Journal of
Systemics, Cybernetics and Informatics
 



ISSN: 1690-4524 (Online)


William Lesso (1931-2015)

Editor-in-Chief
Nagib C. Callaos


Sponsored by
The International Institute of
Informatics and Systemics

www.iiis.org
 

Editorial Advisory Board

Editors

Journal's Reviewers
 

Description and Aims

Submission of Articles

Areas and Subareas

Information to Contributors

Editorial Peer Review Methodology

Integrating Reviewing Processes


Cross Cultural Seminar Inspires Multidisciplinary Learning: From Biomedical Engineering to Gerontechnology
Shigehiro Hashimoto
(pages: 1-7)

Generation Z Students: Will They Change Our Computer Science and IT Classrooms?
Lila Rajabion
(pages: 8-12)

Networking Research, Policy and Practice: Designing a District Technology Plan through Collaborative Professionalism
Lorayne Robertson, Laurie Corrigan
(pages: 13-19)

How “Publish or Perish” Can Become “Publish and Perish” in the Age of Objective Assessment of Scientific Quality
Erzsebet Dani
(pages: 20-25)

Stellar Transformer Concepts: Solar Induction Driver of Natural Disasters Forecasting with Geophysical Intelligence
Bruce Leybourne
(pages: 26-37)

Applying Individualized Symbolic Mental Structures with Four Intellectual Utilities for Implementing Cognitive Learning in Two Different Level-Physics Courses
Matthew E. Edwards
(pages: 38-42)

The Influence of TICs for the Development of SMEs (Case of Aguascalientes Mexico)
Jesús Vivanco
(pages: 43-46)

Reductionism in Everyday Life, Technology, and Science - An Exploration of What is Concealed and Revealed in Practice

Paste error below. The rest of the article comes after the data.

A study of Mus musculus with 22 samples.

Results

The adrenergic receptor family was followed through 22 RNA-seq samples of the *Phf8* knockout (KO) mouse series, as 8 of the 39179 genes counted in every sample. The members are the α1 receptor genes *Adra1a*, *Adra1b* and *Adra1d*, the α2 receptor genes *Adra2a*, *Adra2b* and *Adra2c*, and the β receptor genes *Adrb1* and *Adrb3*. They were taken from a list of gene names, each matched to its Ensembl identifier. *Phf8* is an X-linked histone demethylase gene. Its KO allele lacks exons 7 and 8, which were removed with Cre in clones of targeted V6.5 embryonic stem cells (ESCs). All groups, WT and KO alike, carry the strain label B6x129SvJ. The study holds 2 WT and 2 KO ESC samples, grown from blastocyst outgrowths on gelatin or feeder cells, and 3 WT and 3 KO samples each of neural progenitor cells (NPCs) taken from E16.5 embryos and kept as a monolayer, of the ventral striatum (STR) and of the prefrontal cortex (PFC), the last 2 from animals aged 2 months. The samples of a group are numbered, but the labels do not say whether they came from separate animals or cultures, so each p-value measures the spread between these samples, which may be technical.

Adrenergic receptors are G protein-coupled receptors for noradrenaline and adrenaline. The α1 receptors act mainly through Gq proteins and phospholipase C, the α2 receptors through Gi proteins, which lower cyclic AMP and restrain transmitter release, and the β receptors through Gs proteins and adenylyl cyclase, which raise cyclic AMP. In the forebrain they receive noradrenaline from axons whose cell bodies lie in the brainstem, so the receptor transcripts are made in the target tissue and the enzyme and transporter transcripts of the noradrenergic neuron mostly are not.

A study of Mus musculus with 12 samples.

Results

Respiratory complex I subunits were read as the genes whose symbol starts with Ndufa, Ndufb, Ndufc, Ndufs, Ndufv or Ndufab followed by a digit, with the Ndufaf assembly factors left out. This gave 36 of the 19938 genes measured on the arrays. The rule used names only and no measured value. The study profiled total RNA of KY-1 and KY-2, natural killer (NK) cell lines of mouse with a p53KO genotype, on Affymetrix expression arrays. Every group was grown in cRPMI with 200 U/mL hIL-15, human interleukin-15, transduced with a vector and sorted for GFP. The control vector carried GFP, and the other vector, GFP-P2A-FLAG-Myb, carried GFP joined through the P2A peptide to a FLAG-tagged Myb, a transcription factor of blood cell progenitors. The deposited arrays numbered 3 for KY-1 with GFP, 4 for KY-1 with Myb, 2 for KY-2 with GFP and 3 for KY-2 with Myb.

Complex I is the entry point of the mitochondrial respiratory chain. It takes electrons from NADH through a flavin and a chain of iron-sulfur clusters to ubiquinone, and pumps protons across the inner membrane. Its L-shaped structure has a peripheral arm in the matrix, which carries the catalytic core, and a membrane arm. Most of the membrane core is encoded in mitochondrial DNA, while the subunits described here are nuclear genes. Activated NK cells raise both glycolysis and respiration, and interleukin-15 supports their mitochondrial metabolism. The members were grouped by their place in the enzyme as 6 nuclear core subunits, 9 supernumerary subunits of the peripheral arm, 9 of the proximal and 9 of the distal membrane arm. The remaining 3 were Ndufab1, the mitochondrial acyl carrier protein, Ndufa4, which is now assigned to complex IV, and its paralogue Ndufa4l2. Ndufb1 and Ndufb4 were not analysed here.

Paul D. Nugent
(pages: 47-51)

The Notion of Global Data Fusion and its Application to Cyber Security
Mario Lamanna
(pages: 52-57)

Real World Experience: Developing Novel Sensors - An Interdisciplinary Approach
Suzanne K. Lunsford, Lei Zhai, William Slattery
(pages: 58-62)

On-Line E-Portfolios in Higher Education - A Multidisciplinary Approach
Suzanne K. Lunsford, William Slattery
(pages: 63-67)

The Benefits of Peer Feedback in an Online Environment
Nanda van der Stap, Risa Blair
(pages: 68-71)

A New Approach to Training and Software: Good Instruction vs. Good Software
Russell Jay Hendel
(pages: 72-79)


 

Abstracts

 


ABSTRACT


Multi-Sensory Cognitive Learning as Facilitated in a Multimedia Tutorial for Item Response Theory

Chong Ho Yu, Samuel DiGangi, Angel Jannasch-Pennell, Victoria Stay, Wen-juo Lo, Zeynep Kilic


The objective of this paper is to introduce an application of multi-sensory cognitive learning theory into the development of a multimedia tutorial for Item Response Theory. The cognitive multimedia theory suggests that the visual and auditory material should be presented simultaneously to reinforce the retention of learned materials. A computer-assisted module is carefully designed based upon the preceding theory and also an experiment was conducted to examine the effect of audio types (human audio, computer audio, and no audio) on learner performance measured by an objective test. It was found that while there is no significant performance gap between the human audio and the no audio group, the two groups substantively outperform the computer audio group. A plausible explanation is that un-natural audio requires additional cognitive power to process the information and thus this distraction affects the performance.